Blog by – Jamie MacKenzie,Director at Sodexo Engage
Recent news that women are still ‘generations away’ from equality in the top ranks of business, politics and law, is a disappointment but is by no means a surprise. The 2020 Sex and Power Index, a report by the Fawcett Society, highlights that despite the growing body of evidence around the subject, the stark inequalities that exist at the top lay bare the dismally slow pace of change.
While it may feel like a mountain to climb right now, employers who decide not to make the journey up are missing a trick. A diverse workplace can boost many areas of a business, delivering better results and attracting new talent. Bold initiatives such as the Hampton-Alexander Review, which is committed to achieving a 33% target for women on boards and in leadership teams of FTSE 350 companies this year, will struggle to make ground without every business playing their part.
Here’s why they should act, now:
Research shows that companies with women in top positions have stronger revenue growth, higher profit margins, and a better share price. Last year, a Credit Suisse report found this to be the case after an analysis of over 3,000 companies globally. Although they noticed positive, organic growth in women in management positions, the trend does not extend to the most senior places. Indeed, the Fawcett Index reports that women make up just over one in 20 CEOs in FTSE 100 companies, a figure unchanged since 2018. But how exactly does gender diversity positively impact profit?
Talent making, talent retaining
Diversity brings different ways of looking at the business; more opportunities might be created, and situations will be handled differently. Christine Lagarde’s comments on the 2008 financial crash, that had it been Lehman Sisters rather than Lehman Brothers, “the world might well look a lot different today”, may sound like hyperbole, but is nevertheless convincing.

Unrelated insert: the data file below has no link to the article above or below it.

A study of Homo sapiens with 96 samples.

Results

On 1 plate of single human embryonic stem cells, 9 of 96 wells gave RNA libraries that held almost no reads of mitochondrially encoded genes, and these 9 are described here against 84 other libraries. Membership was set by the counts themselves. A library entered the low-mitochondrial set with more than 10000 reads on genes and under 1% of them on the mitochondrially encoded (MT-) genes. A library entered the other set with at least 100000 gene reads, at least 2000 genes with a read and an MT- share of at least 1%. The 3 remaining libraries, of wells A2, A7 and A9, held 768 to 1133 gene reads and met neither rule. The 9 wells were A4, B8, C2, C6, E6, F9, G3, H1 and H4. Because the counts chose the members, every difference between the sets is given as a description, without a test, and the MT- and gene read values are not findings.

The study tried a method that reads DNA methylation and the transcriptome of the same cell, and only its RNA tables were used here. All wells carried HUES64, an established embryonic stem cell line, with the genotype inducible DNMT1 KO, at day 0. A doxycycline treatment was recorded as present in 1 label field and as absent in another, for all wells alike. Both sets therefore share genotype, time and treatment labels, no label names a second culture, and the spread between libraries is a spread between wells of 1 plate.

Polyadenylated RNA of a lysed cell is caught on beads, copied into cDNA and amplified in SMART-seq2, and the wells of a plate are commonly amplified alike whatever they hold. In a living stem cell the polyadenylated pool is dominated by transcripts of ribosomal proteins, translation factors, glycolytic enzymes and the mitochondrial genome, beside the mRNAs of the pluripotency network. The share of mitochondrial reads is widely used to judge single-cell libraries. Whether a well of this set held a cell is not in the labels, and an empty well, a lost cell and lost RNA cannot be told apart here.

Additionally, there’s lots of evidence to suggest that young jobseekers specifically look for employers with an inclusive culture. Having a balanced executive board creates a positive image that is both inspiring and attractive. Further to bringing in top talent, companies with a fair representation at the top can expect to retain their employees for longer. Male-dominant management can be demoralising for employees who see a bias, club-like culture.
What can your business do?
Many organisations looking to act will consider quota-based solutions because of their tangible results and ability to resolve imbalance with speed and efficiency. However, it is unpopular and the argument that forced inclusion leads to people filling positions out of their depth, is convincing for many. The most effective method to a fairer future is to create a level playing field from day-one. Facilitating a natural rise to the top means that every business, small or large, has a part to play.
Firstly, business leaders need to set the right tone. Company culture is driven by the messaging from those at the top, so if they are serious about it, diversity needs to be spoken about and advocated. That’s not to say the rest of the company doesn’t have a role. Getting staff involved at all levels will continue to drive change and put diversity into regular conversation. The more staff that believe in the company vision, the more involved they’ll be.
More immediately, changemakers should ensure the support systems are in place that give women the same opportunities for growth as men. This means having child-support and maternity schemes in place so mothers can effectively manage their home life around their job. Employees who know they can use flexitime, remote working or even on-site day care initiatives will believe their employer wants them to succeed. Again, such policies are an attractive feature for hiring and retaining staff.
Ultimately, businesses are in the driving seat. That knowledge that everyone wins from gender balance at the top, should be a wake-up call for organisations sleeping on the job. Those who decide to act now, will find they have the upper hand in the years ahead.